Friday, December 5, 2014

Teachers are Tired

If you teach (or if you're a parent), you know how tiresome it is to repeat yourself or invent something awesome only to have it flop.  It sucks. That's why I have become addicted to Pinterest and TpT (Teachers Pay Teachers, for those of you who haven't found this miraculous site yet).

I find tons of resources on these two sites... now if only I could find legislation that would allow me to just teach.  Wonder what I could search on Pinterest to find that? ;)

Well, in the spirit of Julie Andrews, Oprah, and Christmas, here are a few of my favorite things.  Feel free to steal for free.

1. I love teaching writing using the 4 Square method.  Yes- it can be paired with 6+1 writing traits.  It's a fantastic way to have third graders generating five paragraph essays by mid year!  I adore it!  (Downside- SC just decided that our writing test will be timed.  Students will have 30 minutes to write a cohesive essay.  That's just stupid.  I wouldn't be done in 30 minutes if I knew it was for a huge test like ACT!)
Anyway- I <3 4 Square.  You should, too. ;)

This is the super basic form of what 4 Square is.  It's a prewrite that includes a topic, 3 reasons, 3 details about each reason, a conclusion sentence, and transition words.  It's pretty thorough.

This lady's wiki gives a good overview and several resources to help you get started.

I've been using 4 Square ever since my student teaching (10 years now) and I think it's the best way to help kids organize their thoughts without having it be too formulaic.

2. Picture writing prompts

Here's what I do.  I'll post something like this gif here or a picture of something cool (I have an entire bag of 60-something magazine pictures that are backed on construction paper and laminated) and have students use this as the prompt for their writing.  Genuine writing doesn't come from a written prompt-- I don't recall having a prompt in front of my face outside of a classroom.  For students to be true writers, they have to be able to respond to things that are around them... what they see.  So- this seems to accomplish that.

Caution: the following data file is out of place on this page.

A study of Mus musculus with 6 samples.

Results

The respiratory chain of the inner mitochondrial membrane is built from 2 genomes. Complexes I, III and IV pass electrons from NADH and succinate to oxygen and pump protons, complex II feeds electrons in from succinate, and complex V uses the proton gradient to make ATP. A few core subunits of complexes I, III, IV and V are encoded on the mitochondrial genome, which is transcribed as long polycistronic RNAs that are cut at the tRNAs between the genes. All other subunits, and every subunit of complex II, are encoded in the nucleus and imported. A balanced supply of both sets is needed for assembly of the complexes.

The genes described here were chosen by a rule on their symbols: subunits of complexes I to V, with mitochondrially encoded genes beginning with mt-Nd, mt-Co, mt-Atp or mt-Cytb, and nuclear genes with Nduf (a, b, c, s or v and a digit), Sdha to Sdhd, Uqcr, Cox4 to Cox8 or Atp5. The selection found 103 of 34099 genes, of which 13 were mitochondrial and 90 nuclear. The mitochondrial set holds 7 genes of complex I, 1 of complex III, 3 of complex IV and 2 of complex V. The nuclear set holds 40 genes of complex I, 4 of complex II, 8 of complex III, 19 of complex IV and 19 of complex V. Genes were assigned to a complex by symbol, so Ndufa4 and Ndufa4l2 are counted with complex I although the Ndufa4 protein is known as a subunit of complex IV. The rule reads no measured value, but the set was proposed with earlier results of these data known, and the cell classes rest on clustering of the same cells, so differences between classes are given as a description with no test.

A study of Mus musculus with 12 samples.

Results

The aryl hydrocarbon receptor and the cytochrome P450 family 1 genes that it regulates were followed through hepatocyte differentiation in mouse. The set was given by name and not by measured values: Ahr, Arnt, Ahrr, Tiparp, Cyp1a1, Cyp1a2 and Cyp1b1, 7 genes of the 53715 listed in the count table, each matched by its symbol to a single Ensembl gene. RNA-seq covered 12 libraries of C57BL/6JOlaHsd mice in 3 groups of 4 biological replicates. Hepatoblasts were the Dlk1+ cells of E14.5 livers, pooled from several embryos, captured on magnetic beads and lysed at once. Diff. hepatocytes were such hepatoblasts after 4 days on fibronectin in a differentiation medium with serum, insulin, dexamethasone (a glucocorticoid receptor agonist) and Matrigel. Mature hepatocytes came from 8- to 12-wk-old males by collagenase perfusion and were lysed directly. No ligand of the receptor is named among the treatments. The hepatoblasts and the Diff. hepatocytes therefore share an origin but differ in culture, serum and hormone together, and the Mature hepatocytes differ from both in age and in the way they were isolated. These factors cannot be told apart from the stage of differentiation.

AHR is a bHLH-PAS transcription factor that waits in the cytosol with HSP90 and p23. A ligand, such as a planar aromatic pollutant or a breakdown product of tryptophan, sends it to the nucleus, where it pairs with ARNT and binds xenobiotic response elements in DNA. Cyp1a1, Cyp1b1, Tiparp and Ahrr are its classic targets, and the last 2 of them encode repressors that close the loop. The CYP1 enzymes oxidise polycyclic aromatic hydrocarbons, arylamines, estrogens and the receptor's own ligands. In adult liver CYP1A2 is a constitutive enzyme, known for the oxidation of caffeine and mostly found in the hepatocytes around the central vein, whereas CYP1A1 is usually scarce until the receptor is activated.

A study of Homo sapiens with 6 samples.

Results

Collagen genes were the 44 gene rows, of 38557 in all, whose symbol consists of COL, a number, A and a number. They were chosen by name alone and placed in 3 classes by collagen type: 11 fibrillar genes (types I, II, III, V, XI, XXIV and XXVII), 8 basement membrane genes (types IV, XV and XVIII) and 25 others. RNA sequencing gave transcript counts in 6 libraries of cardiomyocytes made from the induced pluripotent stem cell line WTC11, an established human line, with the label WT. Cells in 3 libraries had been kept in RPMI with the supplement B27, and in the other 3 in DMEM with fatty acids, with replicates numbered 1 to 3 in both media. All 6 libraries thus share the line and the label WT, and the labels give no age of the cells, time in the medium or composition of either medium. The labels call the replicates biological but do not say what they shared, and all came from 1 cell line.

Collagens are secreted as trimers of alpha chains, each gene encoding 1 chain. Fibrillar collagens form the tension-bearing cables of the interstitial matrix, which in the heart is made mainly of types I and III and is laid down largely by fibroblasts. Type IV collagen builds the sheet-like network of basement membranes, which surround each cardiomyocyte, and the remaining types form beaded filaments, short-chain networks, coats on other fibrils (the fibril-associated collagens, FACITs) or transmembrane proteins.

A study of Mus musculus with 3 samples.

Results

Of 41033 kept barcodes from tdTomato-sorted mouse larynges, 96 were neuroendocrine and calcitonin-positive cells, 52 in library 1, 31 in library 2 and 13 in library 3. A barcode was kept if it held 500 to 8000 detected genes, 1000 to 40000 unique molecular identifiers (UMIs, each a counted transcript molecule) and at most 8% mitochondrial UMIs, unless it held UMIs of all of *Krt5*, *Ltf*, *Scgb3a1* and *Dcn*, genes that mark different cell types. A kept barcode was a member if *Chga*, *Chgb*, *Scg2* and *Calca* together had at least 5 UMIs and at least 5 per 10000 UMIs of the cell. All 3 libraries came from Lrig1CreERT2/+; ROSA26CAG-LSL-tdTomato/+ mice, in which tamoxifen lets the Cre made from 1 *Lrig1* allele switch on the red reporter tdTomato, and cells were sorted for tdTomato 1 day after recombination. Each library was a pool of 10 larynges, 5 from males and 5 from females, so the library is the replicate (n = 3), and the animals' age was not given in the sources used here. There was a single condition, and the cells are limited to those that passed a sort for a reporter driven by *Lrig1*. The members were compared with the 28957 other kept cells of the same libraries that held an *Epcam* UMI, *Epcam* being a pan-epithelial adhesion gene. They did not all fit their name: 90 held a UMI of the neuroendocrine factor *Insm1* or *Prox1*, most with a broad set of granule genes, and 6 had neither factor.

If I want to be really mean, I'll wait until they've gotten about halfway through a story and then pass out another picture they have to incorporate into their writing (whether it's a setting change or new character or explosion... ).  They hate it and love it all at the same time.

Here are a couple of pictures I use regularly for writing prompts.  These are by far the most popular of the ones I post on the board!  The most popular ones from my bag are 1. the atomic bomb mushroom cloud  2. the litter ad that has a giant cat taking over a house (like the tail is coming out of the chimney... very Alice in Wonderland)   3. the inside look cross-section photo of a dinosaur egg   and 4. the girl running through the woods (they usually go scary with that one).  Most of those are from my old magazines or Nat Geos.  I don't ever use kid magazines.  Why?  They're used to those.  That's what makes my pictures cool... they're new. :)

3. Book Talks/Previews

I have several book series' that are near and dear to my heart.  I'm linking websites so you can investigate because I have neither the time nor the words to truly express how much I love them!  They're books that were truly life-touching for me and thus I try to find students who need these stories as much as I did.  (No- not because of anything bad... just because my heart loves wrapping up in stories.)

     The Dear America books are for somewhere between grades 3 and 8, depending on student levels.  My America books are more for grades 2-3.  Our America are much harder... upper middle to high school.  The ones listed on this site are just a few of the titles, but there are tons.  They're all diary format and from the point of view of a child (of various ages).  

This is one of my favorite, most helpful titles.  I use this one during our Revolutionary War unit.  It tells of this girl's experiences at the time.  The best part is she's the same age as my students so they get to hear what life was like for someone their age during such a difficult and important time in our country. 
My absolute favorite one is the Royal Diary story about Elizabeth I of England.  This book started my absolute love of British literature.  (I had an amazing Brit Lit teacher in high school, too, so that just fueled my fire.)  This story is from Elizabeth's point of view and it is just so intriguing given all that was going on at that point in England's history.
*Side note- I'm taking students to London this summer and I can't wait to walk where she walked!!!!
The Royal Diaries are fantastic ways to get your princess stories in while showing strong, fearless, and wise female characters.

Here's my TpT store, where you'll find bits of this and that.  No- they're not all cutesy like most people's posts.  They're more content-focused (IMHO).  :)

I'd love to hear back about some of your favorite things!  Whether you're teaching a room full of students or you're teaching a little love bug or two at home, lemme hear your ideas!  

PS - this is so totally me right now with the new writing timed stupidity.  Thanks to RDJ for keeping it real.